Aharey Mot 5763

Posted on March 23, 2011

by Jennifer Krueger

Shalom USY. Acharei Mot is an interesting Parsha filled with many mitzvot. First we learn of laws regarding confession and Yom Kippur and then there is the prohibition against eating blood. The parsha ends with the laws of forbidden relationships. In the middle of all of these laws, we find the verses: “Carry out my laws and safeguard my decrees to follow them: I am Hashem, your G-d. You shall observe my decrees and my laws, which man shall carry out and by which he shall live-I am Hashem.” (Vayikra 18:4-5) It is asked what it means that we should “live by” Hashem’s decrees?

Ramban writes that this refers particularly to the “social commandments” between man and his fellow man. He says that society will only be able to live together peacefully if man can treat others fairly and morally, according to Hashem’s commandments. The Sages explain that to “live by” Hashem’s decrees means that the commandments were given for the sake of life and not death. So, if there is a situation where a commandment could endanger one’s life, such as a person who needs to drive to the hospital on Shabbat, then one should save their life instead of keeping the commandment.

The only exceptions to this are for idolatry, forbidden sexual relationships, and murder. One is supposed to give up their life in order to keep these commandments. The Chiddushei HaRim has a different understanding of what it means to “live by” Hashem’s decrees. He says that this means that we should be enthusiastic about keeping the mitzvot and that the commandments should be our primary source of joy.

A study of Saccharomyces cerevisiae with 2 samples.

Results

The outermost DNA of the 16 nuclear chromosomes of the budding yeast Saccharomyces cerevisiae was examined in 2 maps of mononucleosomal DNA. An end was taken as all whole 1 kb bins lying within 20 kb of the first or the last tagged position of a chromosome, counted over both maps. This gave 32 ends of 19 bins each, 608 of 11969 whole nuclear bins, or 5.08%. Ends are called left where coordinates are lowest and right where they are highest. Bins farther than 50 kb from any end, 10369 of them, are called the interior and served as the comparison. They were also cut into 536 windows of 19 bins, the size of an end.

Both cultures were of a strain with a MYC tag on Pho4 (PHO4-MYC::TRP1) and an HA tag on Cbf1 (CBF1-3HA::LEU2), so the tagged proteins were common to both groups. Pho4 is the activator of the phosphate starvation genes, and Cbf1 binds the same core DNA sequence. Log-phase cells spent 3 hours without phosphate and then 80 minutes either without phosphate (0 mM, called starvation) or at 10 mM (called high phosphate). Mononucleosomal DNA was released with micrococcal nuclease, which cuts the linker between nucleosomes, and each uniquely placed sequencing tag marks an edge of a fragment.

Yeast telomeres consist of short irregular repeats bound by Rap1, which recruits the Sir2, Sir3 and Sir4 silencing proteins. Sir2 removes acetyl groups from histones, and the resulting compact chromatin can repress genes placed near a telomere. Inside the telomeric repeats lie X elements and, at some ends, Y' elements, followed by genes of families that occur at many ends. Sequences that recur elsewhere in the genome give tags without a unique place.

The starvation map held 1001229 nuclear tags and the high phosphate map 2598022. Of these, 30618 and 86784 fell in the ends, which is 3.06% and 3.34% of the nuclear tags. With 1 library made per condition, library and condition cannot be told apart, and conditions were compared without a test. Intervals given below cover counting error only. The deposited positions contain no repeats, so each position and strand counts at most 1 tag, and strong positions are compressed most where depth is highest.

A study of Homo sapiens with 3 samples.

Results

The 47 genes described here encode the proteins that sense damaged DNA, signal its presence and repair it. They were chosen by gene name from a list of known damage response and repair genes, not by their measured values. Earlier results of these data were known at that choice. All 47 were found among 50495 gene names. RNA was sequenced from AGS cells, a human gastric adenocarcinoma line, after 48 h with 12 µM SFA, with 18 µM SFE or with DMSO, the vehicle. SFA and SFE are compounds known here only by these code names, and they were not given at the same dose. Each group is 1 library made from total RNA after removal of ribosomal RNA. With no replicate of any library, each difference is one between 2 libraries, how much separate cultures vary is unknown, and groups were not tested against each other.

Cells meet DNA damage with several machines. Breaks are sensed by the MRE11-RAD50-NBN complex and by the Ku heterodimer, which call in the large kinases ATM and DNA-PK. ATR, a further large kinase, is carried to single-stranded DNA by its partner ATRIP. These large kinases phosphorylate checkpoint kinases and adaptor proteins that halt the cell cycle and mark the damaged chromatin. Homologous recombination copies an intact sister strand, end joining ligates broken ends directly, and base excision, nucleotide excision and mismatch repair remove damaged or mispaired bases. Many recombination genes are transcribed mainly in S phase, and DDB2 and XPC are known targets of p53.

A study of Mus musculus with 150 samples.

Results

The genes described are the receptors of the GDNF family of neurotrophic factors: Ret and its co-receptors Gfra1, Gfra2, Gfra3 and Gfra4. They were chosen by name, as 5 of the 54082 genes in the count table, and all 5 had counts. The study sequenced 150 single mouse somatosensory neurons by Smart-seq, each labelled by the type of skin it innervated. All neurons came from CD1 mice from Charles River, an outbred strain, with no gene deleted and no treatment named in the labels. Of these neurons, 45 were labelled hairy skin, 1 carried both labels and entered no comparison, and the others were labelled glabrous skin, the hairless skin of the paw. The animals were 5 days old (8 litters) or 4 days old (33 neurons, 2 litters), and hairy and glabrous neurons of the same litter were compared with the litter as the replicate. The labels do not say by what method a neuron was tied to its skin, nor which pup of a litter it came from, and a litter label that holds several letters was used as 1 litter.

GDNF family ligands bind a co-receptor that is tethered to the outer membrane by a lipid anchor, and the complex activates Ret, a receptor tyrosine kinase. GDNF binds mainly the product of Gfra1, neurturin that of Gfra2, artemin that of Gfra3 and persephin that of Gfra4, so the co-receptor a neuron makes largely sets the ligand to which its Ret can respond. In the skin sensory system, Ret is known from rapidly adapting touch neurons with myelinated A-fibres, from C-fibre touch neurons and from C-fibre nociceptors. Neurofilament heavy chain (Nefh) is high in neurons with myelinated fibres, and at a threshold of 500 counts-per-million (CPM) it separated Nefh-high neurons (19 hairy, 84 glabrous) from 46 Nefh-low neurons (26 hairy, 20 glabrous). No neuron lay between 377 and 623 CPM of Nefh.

I would like to offer my own interpretation of what it means to “live by” Hashem’s commandments. Judaism has many aspects to it. It is a religion, a nation, a culture, and a people.

Some Jews appreciate the fact that they are a part of a close-knit community. Other Jews enjoy keeping Shabbat or davenning three times a day. Other Jews like learning Torah and discussing Jewish ideas. Regardless of what it is, there is some part of Judaism that is appealing to each and every Jew. To “live by” Hashem’s commandments means that we should figure out what part of Judaism brings us the most joy and make this a part of our life. If you enjoy the community aspect, then be sure to invite Jewish people over your house or to attend events in the community. If you enjoy the spiritual aspect of Judaism, then be sure to sing zmirot on Shabbat and to spend a good deal of time davenning.

If we “live by” Hashem’s commandments, then we make Judaism the central core to who we are. We allow the Torah to guide every aspect of our life. Whether it is how we deal with other people or how we personally relate to the World, we should use the mitzvot as a basis for all of our actions and for our lifestyle. We should make Judaism the central core of who we are.